Gigaphoton

GigaTwin Platform

3. Challenges in the Injection Locking Method

The conventional injection locking method has two potential problems. One is that an increase in spatial coherence may cause the generation of speckles on a wafer surface. The other is deterioration of the resolution caused by amplified spontaneous emission (ASE). These two problems have so far prevented its implementation. We will explain here how our GigaTwin Platform has overcome these challenges.

Figure 3. Conventional Injection Locking Method (on the Amplifier Side)
Figure 3. Conventional Injection Locking Method (on the Amplifier Side)

Figure 4. Measurement Result of Spatial Coherence
Figure 4. Measurement Result of Spatial Coherence

Technology for Reducing Spatial Coherence

The spatial coherence of a laser defines the quality of phase within the beam surface. The laser beam of lower coherence is suited to photolithography because the lights with the same phase interfere with one another and cause speckles when the laser beam is shaped into the beam with a uniform irradiance distribution in the illumination system of the lithography tool. Speckles cause partial variation of the exposure amount so as to change the exposure pattern size (CD), because they appear around a wafer surface.

In the conventional injection locking method, the amplifying efficiency of the amplifier chamber is high, which allows minimizing of the line-narrowing chamber output and narrowing of the beam size to several millimeters. The narrowed seed light has an almost uniform spatial phase.

Figure 3 shows the method for introducing the beam into the amplifier chamber that is used for the conventional injection locking method. The narrowed seed light passes through a small hole, and it is gradually expanded in the amplifier chamber to increase the output. Therefore, the finally obtained beam inherits the uniform phase of the seed light, so that the spatial coherence becomes high.

In order to reduce the spatial coherence, special optics were developed for the GigaTwin platform, enabling it to achieve a high amplifying efficiency in the amplifier chamber without narrowing the seed light. As a result, compared with the conventional method, the output from the line-narrowing chamber is increased to optimize the beam size.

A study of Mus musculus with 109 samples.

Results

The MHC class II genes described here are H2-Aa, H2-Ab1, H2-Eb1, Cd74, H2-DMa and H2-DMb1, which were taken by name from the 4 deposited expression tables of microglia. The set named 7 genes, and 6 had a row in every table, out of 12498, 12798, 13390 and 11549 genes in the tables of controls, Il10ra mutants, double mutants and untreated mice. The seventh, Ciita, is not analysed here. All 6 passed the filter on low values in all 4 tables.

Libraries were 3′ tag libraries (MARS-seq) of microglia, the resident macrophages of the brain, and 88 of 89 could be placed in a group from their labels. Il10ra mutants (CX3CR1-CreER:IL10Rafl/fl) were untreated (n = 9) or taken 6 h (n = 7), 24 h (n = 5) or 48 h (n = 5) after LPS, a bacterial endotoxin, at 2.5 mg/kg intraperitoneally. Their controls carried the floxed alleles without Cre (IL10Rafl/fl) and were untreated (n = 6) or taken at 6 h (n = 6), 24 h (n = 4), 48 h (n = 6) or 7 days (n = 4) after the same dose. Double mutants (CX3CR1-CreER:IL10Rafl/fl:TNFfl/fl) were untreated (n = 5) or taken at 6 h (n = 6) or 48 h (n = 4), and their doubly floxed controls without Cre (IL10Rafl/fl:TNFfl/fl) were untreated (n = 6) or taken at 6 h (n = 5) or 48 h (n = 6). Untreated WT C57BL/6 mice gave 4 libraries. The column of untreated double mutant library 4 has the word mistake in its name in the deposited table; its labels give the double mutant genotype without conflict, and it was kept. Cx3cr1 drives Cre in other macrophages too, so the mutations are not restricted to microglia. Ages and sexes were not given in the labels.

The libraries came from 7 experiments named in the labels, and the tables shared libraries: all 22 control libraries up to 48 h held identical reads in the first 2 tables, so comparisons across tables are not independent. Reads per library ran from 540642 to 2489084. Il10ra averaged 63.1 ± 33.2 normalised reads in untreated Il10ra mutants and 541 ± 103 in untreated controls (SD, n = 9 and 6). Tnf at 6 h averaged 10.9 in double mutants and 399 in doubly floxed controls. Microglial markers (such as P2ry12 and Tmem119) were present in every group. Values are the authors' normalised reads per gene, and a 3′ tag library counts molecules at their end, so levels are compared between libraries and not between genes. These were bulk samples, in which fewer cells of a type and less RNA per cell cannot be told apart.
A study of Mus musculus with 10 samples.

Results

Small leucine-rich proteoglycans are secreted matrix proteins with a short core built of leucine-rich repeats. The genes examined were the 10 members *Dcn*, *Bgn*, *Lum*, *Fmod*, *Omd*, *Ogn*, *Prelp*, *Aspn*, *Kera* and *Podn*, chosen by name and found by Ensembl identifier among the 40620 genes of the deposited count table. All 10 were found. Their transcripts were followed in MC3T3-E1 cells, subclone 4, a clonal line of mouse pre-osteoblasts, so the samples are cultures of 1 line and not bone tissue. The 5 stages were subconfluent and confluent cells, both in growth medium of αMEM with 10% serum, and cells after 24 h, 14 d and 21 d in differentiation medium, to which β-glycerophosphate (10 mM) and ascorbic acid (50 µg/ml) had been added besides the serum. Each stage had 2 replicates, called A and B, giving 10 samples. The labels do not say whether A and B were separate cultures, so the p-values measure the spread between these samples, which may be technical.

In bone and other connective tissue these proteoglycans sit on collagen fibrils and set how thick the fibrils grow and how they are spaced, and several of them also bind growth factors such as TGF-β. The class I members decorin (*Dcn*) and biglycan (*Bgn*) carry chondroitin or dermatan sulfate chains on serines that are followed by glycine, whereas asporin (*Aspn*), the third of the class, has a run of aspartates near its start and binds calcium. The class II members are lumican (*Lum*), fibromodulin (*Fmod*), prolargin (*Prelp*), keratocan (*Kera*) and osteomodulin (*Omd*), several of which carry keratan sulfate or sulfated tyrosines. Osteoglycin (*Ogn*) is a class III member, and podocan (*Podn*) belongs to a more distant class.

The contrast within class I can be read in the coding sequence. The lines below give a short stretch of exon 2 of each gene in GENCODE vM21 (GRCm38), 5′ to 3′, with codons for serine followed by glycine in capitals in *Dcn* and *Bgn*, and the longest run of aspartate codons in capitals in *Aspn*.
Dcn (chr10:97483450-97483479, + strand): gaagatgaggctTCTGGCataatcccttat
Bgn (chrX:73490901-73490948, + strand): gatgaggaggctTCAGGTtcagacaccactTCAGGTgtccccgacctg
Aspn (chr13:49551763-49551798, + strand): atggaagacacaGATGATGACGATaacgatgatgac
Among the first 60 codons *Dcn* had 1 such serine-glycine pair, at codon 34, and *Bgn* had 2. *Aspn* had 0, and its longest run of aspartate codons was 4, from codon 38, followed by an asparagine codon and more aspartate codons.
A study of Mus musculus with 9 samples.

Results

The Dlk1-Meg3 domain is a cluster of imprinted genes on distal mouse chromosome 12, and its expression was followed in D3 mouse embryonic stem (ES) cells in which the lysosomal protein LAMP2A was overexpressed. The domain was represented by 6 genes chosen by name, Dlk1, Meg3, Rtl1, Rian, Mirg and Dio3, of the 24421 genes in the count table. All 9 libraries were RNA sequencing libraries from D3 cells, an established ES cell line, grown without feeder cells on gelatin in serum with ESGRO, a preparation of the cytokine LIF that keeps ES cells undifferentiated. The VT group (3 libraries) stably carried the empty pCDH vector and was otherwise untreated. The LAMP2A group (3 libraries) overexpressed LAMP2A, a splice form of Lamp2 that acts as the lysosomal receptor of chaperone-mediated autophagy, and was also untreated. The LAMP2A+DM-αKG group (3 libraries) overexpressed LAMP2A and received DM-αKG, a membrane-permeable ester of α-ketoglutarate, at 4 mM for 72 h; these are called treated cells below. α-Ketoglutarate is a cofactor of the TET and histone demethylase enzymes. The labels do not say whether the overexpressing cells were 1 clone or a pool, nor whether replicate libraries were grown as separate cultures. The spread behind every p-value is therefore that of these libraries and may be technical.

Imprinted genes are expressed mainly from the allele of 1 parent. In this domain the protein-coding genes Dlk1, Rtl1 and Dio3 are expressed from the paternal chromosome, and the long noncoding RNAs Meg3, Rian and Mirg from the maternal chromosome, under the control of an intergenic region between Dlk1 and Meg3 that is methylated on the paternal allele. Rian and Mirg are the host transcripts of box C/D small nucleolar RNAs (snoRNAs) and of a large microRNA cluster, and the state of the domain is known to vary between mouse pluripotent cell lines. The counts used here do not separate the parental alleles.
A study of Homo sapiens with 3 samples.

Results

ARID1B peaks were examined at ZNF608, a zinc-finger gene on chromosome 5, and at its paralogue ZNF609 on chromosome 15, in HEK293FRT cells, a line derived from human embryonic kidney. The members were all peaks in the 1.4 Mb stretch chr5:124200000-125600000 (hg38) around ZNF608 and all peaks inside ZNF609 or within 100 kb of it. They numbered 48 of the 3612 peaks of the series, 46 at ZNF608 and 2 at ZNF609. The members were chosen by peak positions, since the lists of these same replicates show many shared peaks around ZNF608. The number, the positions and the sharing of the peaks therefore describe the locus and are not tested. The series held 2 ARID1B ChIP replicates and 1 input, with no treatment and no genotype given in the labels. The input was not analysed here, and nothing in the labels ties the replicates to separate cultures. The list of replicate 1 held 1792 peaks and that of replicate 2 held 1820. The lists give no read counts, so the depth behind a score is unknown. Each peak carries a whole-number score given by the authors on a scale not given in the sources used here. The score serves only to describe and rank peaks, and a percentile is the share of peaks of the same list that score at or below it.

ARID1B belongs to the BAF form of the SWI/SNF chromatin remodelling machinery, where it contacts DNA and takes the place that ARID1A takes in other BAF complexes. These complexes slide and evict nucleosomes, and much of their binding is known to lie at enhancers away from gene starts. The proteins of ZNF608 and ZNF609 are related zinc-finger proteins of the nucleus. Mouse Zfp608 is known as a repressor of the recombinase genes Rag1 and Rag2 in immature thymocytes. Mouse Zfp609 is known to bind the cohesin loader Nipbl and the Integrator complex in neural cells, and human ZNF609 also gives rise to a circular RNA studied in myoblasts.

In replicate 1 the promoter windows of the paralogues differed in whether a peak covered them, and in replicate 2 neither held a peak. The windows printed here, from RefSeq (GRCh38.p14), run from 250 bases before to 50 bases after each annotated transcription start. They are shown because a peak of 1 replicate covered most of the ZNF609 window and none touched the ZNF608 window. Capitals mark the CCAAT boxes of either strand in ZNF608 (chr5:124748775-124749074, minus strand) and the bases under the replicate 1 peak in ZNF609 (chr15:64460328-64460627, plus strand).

Figure 4 shows the measurement results of the spatial coherence measured for the conventional injection locking method, the method developed by Gigaphoton, and the single-chamber method already used in the field. The horizontal axis indicates the distance within the beam surface; the vertical axis indicates the visibility. As the visibility becomes larger, the spatial coherence becomes higher. These results show that the special optics developed by Gigaphoton achieve a spatial coherence that is several tens of times lower than that of the conventional injection locking system. It also improves the spatial coherence of the single-chamber method.

Figure 5. ASE Measurement Results
Figure 5. ASE Measurement Results

Technology for Reducing ASE

The amplified spontaneous emission (ASE) of a laser beam is generated simultaneously with the discharge in the chamber, and is the light with a weak and broad spectrum. It usually stands in the major narrow spectrums, and reaches a level that cannot be measured in the optical resonator in which light travels back and forth. In the lithography process, it is said that this weak and broad spectrum component affects the exposure pattern with the chromatic aberration of the lens.

The ASE is considered to be a problem, since a broad spectrum component may be generated if only the amplifier chamber operates with no seed light introduced. This is true not only for the injection locking method but also for the MOPA and single chamber methods.

For development of the GigaTwin platform, we succeeded in developing a method for measuring the actual ASE, as well as developing the ASE reduction technology based on the actual data. As a result, it became apparent that the amount of seed light is the dominant factor that influences the ASE amount.

Figure 5 shows the measurement of the ASE amount when the amount of seed light is changed while the time for introducing the ASE into the amplifier chamber is also changed. The red-line data (low injection) indicates the value when the amount of the seed light is minimized, and simulates the amount of seed light for the conventional injection locking method. The observed ASE amount was at the level of 1% of the entire output — an amount that may have an impact on the actual exposure pattern. On the other hand, the green-line (middle injection) and blue-line (high injection) data indicate that the ASE amount could be reduced to below 0.01% of the entire output. This is the same level as or below the ASE amount of the single chamber system, and never affects the exposure pattern.